This is an article by Professor Andrew Whitehouse, from the Medical School at The University of Western Australia and Bennett Chair of Autism at Telethon Kids Institute, and Associate Professor David Trembath of Griffith University. It originally appeared in The Conversation on February 16.
Australian’s first national guideline outlining the best ways of providing clinical support to autistic children and their families will be launched in Canberra today.
The guideline, which we co-authored with others, represents a landmark moment for autism in Australia. It is the culmination of a decades-long effort to build better evidence into clinical practice for autistic children.
For the first time, families of children with autism will have a clear description of what is and what is not safe and effective clinical practice, and a roadmap to empower their choices.
Autism in Australia
Autism became a formal diagnosis in Australia with the introduction of the third edition of the Diagnostic and Statistical Manual in 1980.
But it was not until 1994 it was diagnosed in large numbers. Today, autism is diagnosed in more than 1% of people.
The most common types of therapies or supports for autistic children are focused on supporting their learning, participation, and wellbeing. This might involve directly teaching the child learning strategies, or changing the environment around the child. For many children, these therapies are used at the same time as prescribed medication.
There is good evidence to underpin the safety and effectiveness of many such therapies. However, like all areas of health and medicine, it can be hard to ensure measures are rolled out in the same way in different settings and locations. This can lead to confusion for children and families, and expose them to clinical therapies that may be ineffective or harmful.
With the increased focused on evidence-based medicine over the past two decades, there have been important steps taken to provide better guidance to clinicians and policymakers about what represents good practice. However, until now there hasn’t been an evidence-based guide they can refer to that brings together international expertise and research evidence.
We developed the new guideline at the Autism CRC – established in 2013 as the world’s first national, cooperative research effort focused on autism across the lifespan. It brought together a group of researchers, clinicians, and autistic people, who consulted with more than 1,000 community members.
These community voices were then combined with evidence from three systematic reviews of international research to develop 84 recommendations.
The recommendations are presented as statements that describe key elements of practice. Clinicians follow these to deliver evidence-based therapies. Some examples are:
- Practitioners should have relevant qualifications, be regulated, work within their scope of practice with appropriate supervision, and engage in continuing professional development
- practitioners should engage in open and regular communication with other practitioners, the child’s educators, and other service providers, with appropriate consent, to ensure supports are coordinated
- practitioners should ensure the child and family understand the rationale for recommended supports, along with potential benefits, costs, and alternative options.
The recommendations will help clinicians work with children and families to set therapy goals, select and deliver the most appropriate therapies to meet those goals, and then monitor therapies to ensure they are safe and effective.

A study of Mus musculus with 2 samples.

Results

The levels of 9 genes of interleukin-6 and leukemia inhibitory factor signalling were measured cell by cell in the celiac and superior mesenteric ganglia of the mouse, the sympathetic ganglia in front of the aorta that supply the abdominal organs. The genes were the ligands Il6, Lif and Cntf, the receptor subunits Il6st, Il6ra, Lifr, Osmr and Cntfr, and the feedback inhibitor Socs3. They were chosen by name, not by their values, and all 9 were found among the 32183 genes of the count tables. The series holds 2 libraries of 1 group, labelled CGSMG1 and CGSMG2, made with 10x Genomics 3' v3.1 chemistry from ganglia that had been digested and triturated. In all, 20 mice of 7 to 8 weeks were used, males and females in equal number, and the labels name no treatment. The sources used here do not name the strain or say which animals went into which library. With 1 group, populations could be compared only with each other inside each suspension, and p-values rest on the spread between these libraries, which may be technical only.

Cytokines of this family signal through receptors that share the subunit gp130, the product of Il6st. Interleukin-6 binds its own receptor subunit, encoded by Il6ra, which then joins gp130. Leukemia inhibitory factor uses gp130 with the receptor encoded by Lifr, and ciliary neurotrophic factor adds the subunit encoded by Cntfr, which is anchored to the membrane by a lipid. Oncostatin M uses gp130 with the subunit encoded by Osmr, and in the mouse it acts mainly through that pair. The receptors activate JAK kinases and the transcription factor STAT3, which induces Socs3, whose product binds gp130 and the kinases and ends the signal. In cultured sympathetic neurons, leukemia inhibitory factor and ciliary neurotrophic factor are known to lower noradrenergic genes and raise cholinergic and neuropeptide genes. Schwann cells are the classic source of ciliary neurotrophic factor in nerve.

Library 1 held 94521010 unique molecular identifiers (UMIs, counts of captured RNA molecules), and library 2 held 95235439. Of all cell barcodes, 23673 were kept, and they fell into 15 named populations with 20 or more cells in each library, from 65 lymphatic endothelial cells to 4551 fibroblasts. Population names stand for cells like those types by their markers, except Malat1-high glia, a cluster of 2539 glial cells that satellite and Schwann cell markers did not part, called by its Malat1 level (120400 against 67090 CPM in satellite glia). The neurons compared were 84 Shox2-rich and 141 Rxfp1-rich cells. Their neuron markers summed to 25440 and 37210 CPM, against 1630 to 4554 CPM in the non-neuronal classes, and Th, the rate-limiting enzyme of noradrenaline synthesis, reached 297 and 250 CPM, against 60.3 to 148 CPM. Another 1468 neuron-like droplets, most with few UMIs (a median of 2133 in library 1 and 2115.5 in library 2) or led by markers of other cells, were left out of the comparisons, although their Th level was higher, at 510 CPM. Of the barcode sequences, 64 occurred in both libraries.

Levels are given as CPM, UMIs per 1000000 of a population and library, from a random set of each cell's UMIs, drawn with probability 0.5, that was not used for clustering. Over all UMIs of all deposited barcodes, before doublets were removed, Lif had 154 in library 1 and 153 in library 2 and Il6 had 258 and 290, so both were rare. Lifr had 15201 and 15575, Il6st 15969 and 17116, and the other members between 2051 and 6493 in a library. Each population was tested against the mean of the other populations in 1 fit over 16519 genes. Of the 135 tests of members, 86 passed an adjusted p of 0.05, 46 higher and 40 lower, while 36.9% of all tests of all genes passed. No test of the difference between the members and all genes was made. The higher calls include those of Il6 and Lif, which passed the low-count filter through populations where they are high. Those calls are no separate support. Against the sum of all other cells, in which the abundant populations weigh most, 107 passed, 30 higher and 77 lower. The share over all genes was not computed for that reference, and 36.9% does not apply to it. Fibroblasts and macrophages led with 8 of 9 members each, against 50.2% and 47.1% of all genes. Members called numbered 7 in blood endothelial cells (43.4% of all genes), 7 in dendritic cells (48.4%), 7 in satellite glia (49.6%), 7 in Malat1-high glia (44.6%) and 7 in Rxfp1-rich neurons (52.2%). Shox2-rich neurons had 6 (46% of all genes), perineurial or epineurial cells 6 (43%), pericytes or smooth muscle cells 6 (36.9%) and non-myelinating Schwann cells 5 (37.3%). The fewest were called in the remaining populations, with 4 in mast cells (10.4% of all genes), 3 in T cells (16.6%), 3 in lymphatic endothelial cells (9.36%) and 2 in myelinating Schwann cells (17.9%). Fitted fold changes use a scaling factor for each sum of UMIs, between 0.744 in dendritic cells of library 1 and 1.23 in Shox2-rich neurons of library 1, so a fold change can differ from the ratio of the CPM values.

What does the guideline mean for clinicians and families?
Providing therapies to autistic children can be complex, and involves the consideration of many factors. A therapy approach that may be appropriate for one autistic child, may be quite unsuitable for another child.
For example, some children may receive benefit from learning to talk with the help of a technology device. Other children may not benefit from this approach and learn best through verbal conversations only.
Similar considerations may apply to where a therapy is delivered (in a clinic, in the home, or in the community), how it is delivered (individually or in a group), and through what means (in person or via screen or telephone).
The new guideline gives a step-by-step process to help clinicians consider these factors in a logical and systematic way. This helps clinicians understand the unique factors of each child and their family, and to turn this knowledge into the most effective plan to support them.
So for families, the guideline represents a roadmap for engaging with therapy.
Preventing parents from being overwhelmed
At the time of a child’s autism diagnosis, the amount of information for families to understand and act upon can be overwhelming. Many families are very well supported by the clinicians they are seeing, but many also resort to searching the internet to find answers to their questions.
The guideline will help families understand what evidence-based therapy looks like, and how they can use this information to navigate the best pathway for their child.
We hope this will inform and empower families to feel confident making decisions in the best interests of their child’s learning, participation and wellbeing.
What to watch for next
While the guideline is not mandatory, it has important implications for government systems such as the National Disability Insurance Scheme (NDIS).
At a time when there is concern about how the NDIS can best support its participants, this new document provides evidence-based guidance.
The best next step would be for the NDIS to adopt this guideline. This would give NDIS participants and their families a much better chance of supporting autistic children to flourish.
This article is republished from The Conversation under a Creative Commons license. Read the original article.